Alf was greatly comforted today by a newspaper report about sharks.
He last dipped his toes in the ocean a few decades ago, after Mrs Grumble took him to see Jaws.
But it seems he should be much more wary about getting too close to television sets and – maybe – vending machines.
The NZ Herald put him straight with a story that says Steven Spielberg has a lot to answer for.
We now believe we must be extremely wary of all sharks, because if they become aware we are there, they will seek us out and attack, usually with gruesome consequences.
“Not so,” says Sydney scientist Christopher Neff.
That image, he says, is nothing more than Hollywood hype, which has been reinforced by decades of emotive language and sensationalist reporting.
“Swimmers are in the way, not on the menu,” says the University of Sydney researcher who – in what is believed to be a world first – is doing his PhD thesis on the politics of shark bites and other close encounters.
“There is no evidence that any shark species develops a taste for human flesh.”
Alf remains just a tad wary, because this Neff feller says his research is not complete, although he nevertheless is calling for an end to the term “shark attack”.
While not dismissing the seriousness of shark bites, which often have dramatic and even lethal consequences, Neff says authorities and the media should concentrate on giving accurate and helpful information.
One example of this, he says, would be telling people that shark numbers increase in summer in places such as the Parramatta River and Sydney Harbour.
Another would be advising people not to swim in those areas for three days after heavy rain because the rain creates sewage overflows and the sewage attracts sharks.
In Australia, on average one person has been killed by a shark each year over the past 50 years.
New Zealand’s shark death toll is much lower.
Mrs Grumble dipped into the Te Ara Encyclopedia of New Zealand and learned that –
Since 1852 there have been 44 recorded unprovoked attacks in New Zealand (compared with 39 in the whole of Europe since 1847). A third of New Zealand attacks occurred between Ōamaru and the Otago Peninsula, probably because sharks are attracted by the high numbers of seals, dolphins and pilot whales in that area.
Sharks to avoid
Great white sharks have been responsible for most of the 11 fatal attacks in New Zealand where the shark has been identified. Other species known to have caused fatalities are mako and bronze whalers. More than half of the victims were swimming, a quarter were snorkelling, and the remaining quarter were either surfing or standing in shallow water.
In other words, since 1852 there has been one fatal attack every 13 years. You are much more likely to drown than be mauled by a shark.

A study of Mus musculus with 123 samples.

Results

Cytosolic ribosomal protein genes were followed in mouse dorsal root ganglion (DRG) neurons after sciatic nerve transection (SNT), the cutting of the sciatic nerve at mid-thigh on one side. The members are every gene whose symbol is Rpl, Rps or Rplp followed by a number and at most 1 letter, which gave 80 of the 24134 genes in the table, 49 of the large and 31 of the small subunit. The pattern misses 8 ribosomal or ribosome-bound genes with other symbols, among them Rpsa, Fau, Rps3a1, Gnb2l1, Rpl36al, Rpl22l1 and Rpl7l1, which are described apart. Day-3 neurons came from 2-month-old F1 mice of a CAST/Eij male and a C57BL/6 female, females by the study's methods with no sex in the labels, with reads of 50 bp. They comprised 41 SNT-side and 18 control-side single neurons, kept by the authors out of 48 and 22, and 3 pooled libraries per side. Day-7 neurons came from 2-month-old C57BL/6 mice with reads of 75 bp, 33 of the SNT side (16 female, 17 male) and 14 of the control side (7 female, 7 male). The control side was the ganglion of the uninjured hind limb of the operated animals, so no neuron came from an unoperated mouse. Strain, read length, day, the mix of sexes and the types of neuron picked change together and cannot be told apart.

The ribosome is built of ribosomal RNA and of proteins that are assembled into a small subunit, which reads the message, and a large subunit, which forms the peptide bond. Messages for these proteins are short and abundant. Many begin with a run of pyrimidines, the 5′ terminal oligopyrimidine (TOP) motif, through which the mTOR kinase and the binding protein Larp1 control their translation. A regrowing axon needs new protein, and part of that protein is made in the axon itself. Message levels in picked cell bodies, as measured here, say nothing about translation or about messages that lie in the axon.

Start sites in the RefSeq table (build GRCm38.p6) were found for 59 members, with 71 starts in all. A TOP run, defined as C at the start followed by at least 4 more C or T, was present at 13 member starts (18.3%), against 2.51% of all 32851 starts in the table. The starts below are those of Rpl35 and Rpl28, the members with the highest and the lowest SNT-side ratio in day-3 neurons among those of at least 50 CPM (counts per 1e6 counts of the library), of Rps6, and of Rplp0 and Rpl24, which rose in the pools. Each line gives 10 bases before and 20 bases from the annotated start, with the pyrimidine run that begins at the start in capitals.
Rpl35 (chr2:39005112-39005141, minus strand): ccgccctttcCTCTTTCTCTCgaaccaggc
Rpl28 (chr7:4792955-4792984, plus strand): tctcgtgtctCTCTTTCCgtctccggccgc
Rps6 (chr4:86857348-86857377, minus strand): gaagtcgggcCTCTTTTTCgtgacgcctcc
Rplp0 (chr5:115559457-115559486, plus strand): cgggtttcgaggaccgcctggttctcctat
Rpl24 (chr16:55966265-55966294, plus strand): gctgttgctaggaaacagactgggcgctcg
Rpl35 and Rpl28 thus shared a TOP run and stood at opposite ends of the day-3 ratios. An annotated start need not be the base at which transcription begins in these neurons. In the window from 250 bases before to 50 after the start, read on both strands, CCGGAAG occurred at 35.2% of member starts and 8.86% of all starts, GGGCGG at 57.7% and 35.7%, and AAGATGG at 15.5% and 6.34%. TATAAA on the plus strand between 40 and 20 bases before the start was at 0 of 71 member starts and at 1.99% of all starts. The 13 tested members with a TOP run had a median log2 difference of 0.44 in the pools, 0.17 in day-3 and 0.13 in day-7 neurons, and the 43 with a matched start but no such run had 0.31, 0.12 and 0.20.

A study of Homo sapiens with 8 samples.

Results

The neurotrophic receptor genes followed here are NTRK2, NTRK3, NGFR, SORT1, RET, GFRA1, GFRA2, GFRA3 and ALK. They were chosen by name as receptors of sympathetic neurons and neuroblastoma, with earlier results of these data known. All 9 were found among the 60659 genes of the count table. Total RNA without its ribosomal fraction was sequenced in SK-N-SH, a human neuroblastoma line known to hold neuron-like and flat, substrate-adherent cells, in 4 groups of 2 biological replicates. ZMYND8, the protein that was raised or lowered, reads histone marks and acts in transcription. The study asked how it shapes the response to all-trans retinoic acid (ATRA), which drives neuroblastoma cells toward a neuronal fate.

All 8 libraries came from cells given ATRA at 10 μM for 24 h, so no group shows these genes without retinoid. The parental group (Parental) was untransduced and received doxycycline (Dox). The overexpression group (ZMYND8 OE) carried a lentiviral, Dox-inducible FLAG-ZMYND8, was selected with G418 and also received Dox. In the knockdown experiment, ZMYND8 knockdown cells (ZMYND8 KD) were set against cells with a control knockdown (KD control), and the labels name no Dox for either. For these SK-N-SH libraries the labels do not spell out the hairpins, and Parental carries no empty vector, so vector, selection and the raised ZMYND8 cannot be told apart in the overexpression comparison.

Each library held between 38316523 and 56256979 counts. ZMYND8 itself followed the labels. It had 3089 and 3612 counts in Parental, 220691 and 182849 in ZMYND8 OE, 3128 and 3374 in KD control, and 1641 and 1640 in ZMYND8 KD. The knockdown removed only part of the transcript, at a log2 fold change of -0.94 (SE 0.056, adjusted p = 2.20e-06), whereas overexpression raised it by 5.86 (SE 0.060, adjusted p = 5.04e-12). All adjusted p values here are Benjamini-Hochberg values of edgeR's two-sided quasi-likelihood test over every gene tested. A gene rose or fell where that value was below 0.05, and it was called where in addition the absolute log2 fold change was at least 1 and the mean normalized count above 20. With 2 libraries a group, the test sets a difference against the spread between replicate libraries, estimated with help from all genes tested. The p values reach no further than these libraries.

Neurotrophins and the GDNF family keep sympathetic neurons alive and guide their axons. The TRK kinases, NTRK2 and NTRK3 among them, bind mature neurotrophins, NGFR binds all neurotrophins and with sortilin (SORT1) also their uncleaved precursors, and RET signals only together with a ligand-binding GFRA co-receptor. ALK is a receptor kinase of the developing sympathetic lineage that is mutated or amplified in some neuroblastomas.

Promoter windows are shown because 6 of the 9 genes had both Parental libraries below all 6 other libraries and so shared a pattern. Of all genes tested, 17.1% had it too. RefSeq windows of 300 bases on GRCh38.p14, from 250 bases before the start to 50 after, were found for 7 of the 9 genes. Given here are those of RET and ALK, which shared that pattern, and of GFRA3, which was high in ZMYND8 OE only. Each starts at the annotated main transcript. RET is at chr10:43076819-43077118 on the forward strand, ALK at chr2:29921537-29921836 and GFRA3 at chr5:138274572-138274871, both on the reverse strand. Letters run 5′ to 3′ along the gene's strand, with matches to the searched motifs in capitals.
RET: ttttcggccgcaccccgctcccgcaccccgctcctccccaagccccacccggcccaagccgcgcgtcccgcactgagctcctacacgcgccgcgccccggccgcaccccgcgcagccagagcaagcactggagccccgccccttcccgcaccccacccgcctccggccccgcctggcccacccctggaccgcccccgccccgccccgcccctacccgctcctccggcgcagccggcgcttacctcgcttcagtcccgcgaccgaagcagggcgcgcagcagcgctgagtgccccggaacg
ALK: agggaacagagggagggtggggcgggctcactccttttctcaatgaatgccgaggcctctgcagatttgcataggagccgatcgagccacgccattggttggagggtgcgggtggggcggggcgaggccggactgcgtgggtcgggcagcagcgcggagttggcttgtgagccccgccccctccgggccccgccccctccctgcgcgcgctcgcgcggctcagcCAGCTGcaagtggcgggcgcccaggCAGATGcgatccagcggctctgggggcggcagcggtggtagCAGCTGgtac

A map spotlights each area where a shark attack has been recorded.
Eketahuna can boast being a shark-attack-free zone, although one attack is recorded off the Wairarapa coast.
A report from the US in recent days said fatal shark attacks worldwide last year reached their highest level in two decades, though there were none in the US.
The data come from the University of Florida, which released its International Shark Attack File report for 2011.
Ichthyologist George Burgess said the 12 fatalities could show tourists are venturing to more remote places with less access to immediate medical care.
The number of deaths in 2011 doubled from 2010.
A total of 75 attacks were reported worldwide, close to the decade average.
So no shark deaths were recorded in the US.
But the deaths of four Chicago-area children since late October after TVs toppled on them have prompted calls for more safety measures and increased awareness.
The Consumer Product Safety Commission says 169 children 8 and younger died between 2000 and 2010 from falling TVs. In all, 245 children died in that period after being crushed by TVs, furniture or appliances. More than 22,000 were treated for tip-over injuries each year from 2008 to 2010.
Gary Smith, a pediatric emergency physician in Columbus, Ohio, and president of the Child Injury Prevention Alliance, said requiring retailers to sell safety straps or mounting brackets with TVs would reduce the problem.
“We wouldn’t purchase a car without seat belts,” he says. “We shouldn’t sell TVs without appropriate safety equipment.”
Another relevant item of news looked at statistics which suggest vending machines are twice as likely to kill you as a shark.
The yearly risk (in the United States) of dying from a shark attack is roughly 1 in 250 million. In contrast, the yearly risk of dying from a vending machine accident is roughly 1 in 112 million. The vending machine is indeed roughly twice as lethal as the shark!
Mind you, the writer of this item noted that the vending machine statistics are averaged over everyone in the United States.
In most places in the US, such as Kansas, people are nowhere near a body of water with sharks.
The comparison of the risk to a vending machine, while true as far as it goes, ignores highly relevant information—such as whether one is swimming in the same bay as a shark.
The comparison also ignores important information about vending machines. After all, how do people die from a vending machine? Vending machines are not known carcinogens. I imagine that the machine takes someone’s money and malfunctions. The customer then shakes it to free the snack, whereupon the machine tips over and crushes the hot-tempered purchaser. As the doctors say, “Don’t do that then!” Keeping cool in this difficult situation probably reduces the vending-machine death risk to zero.
This problem of implicit but essential statistical information is wonderfully illustrated in the cartoon at the top of this post.
It might also explain the zero shark attacks in Eketahuna.